First of all, I’ll start with a bit of personal history, so you can see things from my perspective for a second. I’ve been dancing ballroom for about eight years. I could have been super-crazy-awesome by now, but I’m just getting back into competing open standard and smooth (with my awesome current partner who’s just been dancing three years). I’ve witnessed some people shooting up into the championship-level ranks after just a couple of years, yet I haven’t gotten to that exponential trajectory myself. Which is okay by me. When I started, I sucked. There’s no denying that. And now, I’d like to say I’m a pretty good dancer, if not awe-inspiring.
How did I get to this point? I danced very casually my first couple of years. Showed up to ballroom lessons a couple times a week, learned some steps, done. Didn’t have a lick of technique and wasn’t even aware of how bad I really was, but I was still having lots of fun! No one expects you to “get it” right away. I did my first competition the spring of my first year in college and was hooked from that point on. Even competing, it was still a casual thing – find a partner a few weeks before the comp, practice a couple times, and go. No wonder I didn’t do all that well!
Fast forward a year or two – compete regularly with a partner, practice a little more regularly. We started taking lessons with our school team’s coach and looking more respectable on the silver-level floor. Graduated, moved back home to the DC area, and started taking lessons with another coach, one who really kick-started our improvement. We took private lessons about once a week, attended practices weekly, and continued to take group lessons. We also took lessons with other coaches as well. We were dancing at least 3-4 times a week. Boom, started getting placements in silver, eventually callbacks in gold and decided to take a leap into open material. I wasn’t quite ready (or so I thought), but my partner was ambitious and our primary coach supported that goal. Those two years led to a LOT of improvement. Finally I could feel like I was actually a pretty good dancer, not just okay.
So, how do you get good fast?
1. Find a regular, committed partnership. More on this in another post.
2. Practice a lot. Probably obsessively, even. Establish a regular practice schedule, go as often as you can stand, just do it. Also, practice efficiently, don’t just run through things and decide that they’re “good enough.” Practice to improve. Some people claim that it takes 10,000 hours of practice to become an expert at something, so you probably have a long way to go, even if your goal is to be very good and stops short of expert.
3. Take private lessons. Group lessons and figuring out stuff on your own can get you relatively far, even in gold if you are a talented natural dancer, but you need private lessons to get to that next level. Lots of times coaches can correct some major issue you have that can transform all of your dancing. Consider traveling to really excellent coaches, to find the best you can. If you think the idea of taking private dance lessons is weird, what about taking private music lessons? Isn’t that the same thing?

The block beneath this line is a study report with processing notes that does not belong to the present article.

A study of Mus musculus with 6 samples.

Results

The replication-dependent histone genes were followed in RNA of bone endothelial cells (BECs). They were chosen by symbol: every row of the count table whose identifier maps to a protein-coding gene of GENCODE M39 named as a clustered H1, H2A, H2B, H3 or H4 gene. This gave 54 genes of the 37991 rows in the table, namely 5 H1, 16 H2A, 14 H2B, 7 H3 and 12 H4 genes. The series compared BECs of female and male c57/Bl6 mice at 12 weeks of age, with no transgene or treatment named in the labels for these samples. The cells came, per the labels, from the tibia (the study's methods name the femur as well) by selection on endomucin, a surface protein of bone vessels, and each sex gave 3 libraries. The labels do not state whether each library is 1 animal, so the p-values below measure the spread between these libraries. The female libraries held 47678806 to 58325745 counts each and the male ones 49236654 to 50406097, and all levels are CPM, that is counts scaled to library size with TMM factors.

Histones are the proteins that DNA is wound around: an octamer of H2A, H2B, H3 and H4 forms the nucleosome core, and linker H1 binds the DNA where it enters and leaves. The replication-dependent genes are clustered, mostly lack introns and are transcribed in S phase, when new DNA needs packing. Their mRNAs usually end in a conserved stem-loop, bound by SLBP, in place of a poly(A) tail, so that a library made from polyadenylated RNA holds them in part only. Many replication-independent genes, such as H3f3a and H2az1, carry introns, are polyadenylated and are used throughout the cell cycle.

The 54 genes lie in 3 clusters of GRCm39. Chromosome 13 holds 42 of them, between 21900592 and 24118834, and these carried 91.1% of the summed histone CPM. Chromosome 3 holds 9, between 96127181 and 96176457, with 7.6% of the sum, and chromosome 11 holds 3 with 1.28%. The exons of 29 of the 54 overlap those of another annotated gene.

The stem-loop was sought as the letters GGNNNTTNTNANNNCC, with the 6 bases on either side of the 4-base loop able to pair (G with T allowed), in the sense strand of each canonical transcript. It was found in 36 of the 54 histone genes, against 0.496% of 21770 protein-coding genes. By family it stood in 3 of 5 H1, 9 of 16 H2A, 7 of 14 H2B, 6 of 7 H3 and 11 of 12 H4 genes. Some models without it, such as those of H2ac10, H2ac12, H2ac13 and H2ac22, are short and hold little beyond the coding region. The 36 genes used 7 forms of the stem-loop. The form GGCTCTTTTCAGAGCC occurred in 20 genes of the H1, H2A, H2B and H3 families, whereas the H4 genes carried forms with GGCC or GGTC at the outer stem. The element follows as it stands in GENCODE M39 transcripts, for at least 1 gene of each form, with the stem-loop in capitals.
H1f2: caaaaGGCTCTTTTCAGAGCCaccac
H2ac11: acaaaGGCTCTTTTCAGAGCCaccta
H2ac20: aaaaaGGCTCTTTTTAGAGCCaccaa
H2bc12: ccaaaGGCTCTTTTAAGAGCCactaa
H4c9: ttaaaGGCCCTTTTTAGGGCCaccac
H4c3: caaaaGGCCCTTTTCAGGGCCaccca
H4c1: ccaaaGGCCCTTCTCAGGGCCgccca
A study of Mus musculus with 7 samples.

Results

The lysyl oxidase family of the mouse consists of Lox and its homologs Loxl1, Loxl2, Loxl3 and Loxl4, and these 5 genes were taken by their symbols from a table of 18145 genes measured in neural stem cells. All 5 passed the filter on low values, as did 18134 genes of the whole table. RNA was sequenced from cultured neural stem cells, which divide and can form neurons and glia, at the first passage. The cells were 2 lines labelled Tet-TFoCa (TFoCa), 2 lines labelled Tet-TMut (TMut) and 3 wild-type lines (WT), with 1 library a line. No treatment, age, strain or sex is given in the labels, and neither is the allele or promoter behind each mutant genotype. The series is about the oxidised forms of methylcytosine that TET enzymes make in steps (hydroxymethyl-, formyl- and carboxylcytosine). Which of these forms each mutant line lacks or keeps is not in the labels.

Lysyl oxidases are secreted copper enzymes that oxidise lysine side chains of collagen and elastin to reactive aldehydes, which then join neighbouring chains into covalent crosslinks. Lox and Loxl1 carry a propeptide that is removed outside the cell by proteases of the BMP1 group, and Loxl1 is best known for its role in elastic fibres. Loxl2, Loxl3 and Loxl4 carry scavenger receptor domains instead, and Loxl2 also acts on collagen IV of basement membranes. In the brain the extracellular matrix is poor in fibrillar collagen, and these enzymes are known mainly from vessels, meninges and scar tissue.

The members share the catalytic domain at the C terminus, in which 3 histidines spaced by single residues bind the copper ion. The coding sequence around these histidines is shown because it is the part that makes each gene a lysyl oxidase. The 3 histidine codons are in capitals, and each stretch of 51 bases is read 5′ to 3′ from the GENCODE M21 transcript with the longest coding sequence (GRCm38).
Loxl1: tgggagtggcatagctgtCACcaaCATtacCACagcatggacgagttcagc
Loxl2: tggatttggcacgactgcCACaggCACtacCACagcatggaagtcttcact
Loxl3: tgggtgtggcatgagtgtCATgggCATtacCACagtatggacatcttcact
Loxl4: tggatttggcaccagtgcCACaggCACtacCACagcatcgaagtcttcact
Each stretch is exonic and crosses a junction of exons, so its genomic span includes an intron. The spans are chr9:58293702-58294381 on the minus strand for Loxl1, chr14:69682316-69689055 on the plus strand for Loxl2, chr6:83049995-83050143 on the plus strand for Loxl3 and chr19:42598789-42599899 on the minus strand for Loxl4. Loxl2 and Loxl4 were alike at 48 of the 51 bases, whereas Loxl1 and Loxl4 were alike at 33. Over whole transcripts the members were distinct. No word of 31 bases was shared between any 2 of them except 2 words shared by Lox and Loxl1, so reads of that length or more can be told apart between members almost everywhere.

4. Be dedicated. Really enjoy what you’re doing, and practice will be fun, not exhausting.
5. Seek as much knowledge from as many resources as you can. Take classes with different people, watch lots of videos, read up on technique. Find what works for you and use it!
6. To get really good really fast, specialize. This entails focusing on one or two particular styles out of the four (Standard/Smooth/Latin/Rhythm), or even stop doing whatever is weakest or the one you like the least. I would recommend learning and competing in all four styles at least through silver if possible, but this is really a personal decision. The few championship-level people I know who got there in a couple of years only dance standard.
7. Always look ahead. Dance up a level and enjoy the challenge. You might do better than you think and find that you should be competing at a higher level. That being said, don’t feel pressure to dance up until you feel like you’re ready. Unless you’re winning every single competition, then just move up already! 😛
8. How to be competitive without suffering disappointment when things don’t go your way: Focus more on personal performance than competition placements. You can only control how well you dance, you have no say in how everyone else dances. So if you felt like you danced your best but got last place, don’t get discouraged! Be proud of how you danced!
9. Set realistic but ambitious goals for yourself. What do you want to be doing in 6 months, a year? How do you want to perform at the next competition? How do you want to push yourself?
10. Go outside your comfort zone and consider taking some classes in different styles. Whether that’s jazz, ballet, yoga, salsa, a ballroom style you don’t specialize in, doesn’t matter. It might give you some ideas or help you work on things from a different perspective, which could help your main style of dancing improve. It might also help keep you from burning out or getting bored.